Air traffic controllers worldwide celebrate their jobs today while reflecting on their part in the aviation industry, a challenging role that is still somewhat unknown and often misunderstood.
Cayman Islands air traffic controllers at both Owen Roberts International and Gerrard Smith International airports join global colleagues and their parent organisation – the International Federation of Air Traffic Controller Associations – each 20 October to celebrate the International Day of the Air Traffic Controller by recognising the advancements and contributions of the profession.
Aviation, as the backbone of globalisation and worldwide markets and industry, has become an integral part of many people’s lives. But the profession of air traffic control often remains underestimated and sometimes unfairly linked with the consequences of accidents, delays and industrial actions resulting in negative media exposure and an incorrect public perception.
“Air traffic control has developed from the humblest beginnings into a highly sophisticated and technology dependent occupation,” said Rob Harris, an air traffic controller at Owen Roberts International Airport in Grand Cayman. “And even as we are on the cusp of an even more dramatic leap of new technologies, many people remain unaware of just what an air traffic controller does and few comprehend just what is involved in keeping aircraft safely apart, but close enough so that they get to their destinations as efficiently as possible.
“Air traffic controllers are the voice behind the noise of aircraft movements,” Mr. Harris said. “If you have ever flown to or from the Cayman Islands, you have been under the watchful eye of members of local Cayman Islands air traffic controllers and their predecessors.”
Founded in 1961 with 12 member associations, 50 years later the IFATCA counts more than 50,000 members in more than 130 countries.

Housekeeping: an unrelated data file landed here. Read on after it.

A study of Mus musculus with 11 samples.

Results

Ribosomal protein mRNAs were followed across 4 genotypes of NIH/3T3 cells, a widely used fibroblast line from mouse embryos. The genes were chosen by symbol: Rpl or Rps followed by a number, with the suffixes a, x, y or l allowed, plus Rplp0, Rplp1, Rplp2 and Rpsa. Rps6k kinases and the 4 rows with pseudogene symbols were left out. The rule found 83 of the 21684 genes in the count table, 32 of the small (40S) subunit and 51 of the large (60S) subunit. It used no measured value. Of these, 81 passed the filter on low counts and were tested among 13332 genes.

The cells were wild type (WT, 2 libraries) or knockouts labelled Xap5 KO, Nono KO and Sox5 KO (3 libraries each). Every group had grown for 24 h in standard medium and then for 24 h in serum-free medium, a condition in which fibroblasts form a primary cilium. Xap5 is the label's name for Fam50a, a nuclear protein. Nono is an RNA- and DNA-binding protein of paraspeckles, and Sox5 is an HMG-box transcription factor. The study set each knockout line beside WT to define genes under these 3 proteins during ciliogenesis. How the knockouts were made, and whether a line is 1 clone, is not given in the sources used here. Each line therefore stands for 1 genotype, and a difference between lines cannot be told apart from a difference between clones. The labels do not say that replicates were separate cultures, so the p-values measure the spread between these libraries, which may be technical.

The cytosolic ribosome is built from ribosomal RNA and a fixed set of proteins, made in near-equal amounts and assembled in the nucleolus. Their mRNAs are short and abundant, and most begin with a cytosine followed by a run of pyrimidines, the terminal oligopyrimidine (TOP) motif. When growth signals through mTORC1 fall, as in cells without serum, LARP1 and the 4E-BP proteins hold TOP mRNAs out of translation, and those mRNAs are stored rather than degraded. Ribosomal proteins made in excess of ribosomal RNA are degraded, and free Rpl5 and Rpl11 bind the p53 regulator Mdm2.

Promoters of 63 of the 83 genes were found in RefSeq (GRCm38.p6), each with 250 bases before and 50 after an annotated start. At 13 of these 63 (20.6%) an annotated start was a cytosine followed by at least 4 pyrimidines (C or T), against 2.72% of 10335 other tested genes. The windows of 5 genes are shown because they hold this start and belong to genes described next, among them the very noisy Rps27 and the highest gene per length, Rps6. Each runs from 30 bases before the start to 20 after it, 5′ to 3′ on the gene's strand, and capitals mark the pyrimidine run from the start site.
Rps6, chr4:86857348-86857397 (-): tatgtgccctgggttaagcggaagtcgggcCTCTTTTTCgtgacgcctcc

For decades, travellers and consumers have enjoyed the fruits of an ever-expanding global air transport system and witnessed the industry’s reliable transformation in increased passenger numbers and cargo volumes despite repeated shocks from recessions, terrorism and disease. All the time, behind the scenes, the air traffic control aspect of managing air transportation has developed from pen and paper (still used in some locales) to highly automated and complex electronic networks.
“Unfortunately, local controllers currently do not have the aid of a synthetic eye such as radar, and are required to separate aircraft by the traditional procedural control,” Mr. Harris said. “Although this may seem archaic, the local group states quite plainly in the absence of tools that make the job technically easier, we are proud to employ the very finest of professionals who more than make up for the lack of advanced and sometimes common technology.”
Working conditions and work environment, training and remuneration, equipment and automation need to reflect the complexity of the profession and assist the air traffic controller in their challenging task, read a news release from the IFATCA.
Despite increasingly critical media exposure, often fuelled by wrong economical interpretations, air traffic controllers worldwide hold on to the highest aims of our federation, safety and efficiency.
“Behind every movement of an aircraft, there sits a choreographer of the madness whom speaks in code,” Mr. Harris said. “(They aren’t) allowed to make an error, unless it is immediately recognised and corrected. (They) cannot push back the chair to regroup when 20 customers are clamouring for the identical thing, and a deadline can never be pushed back.”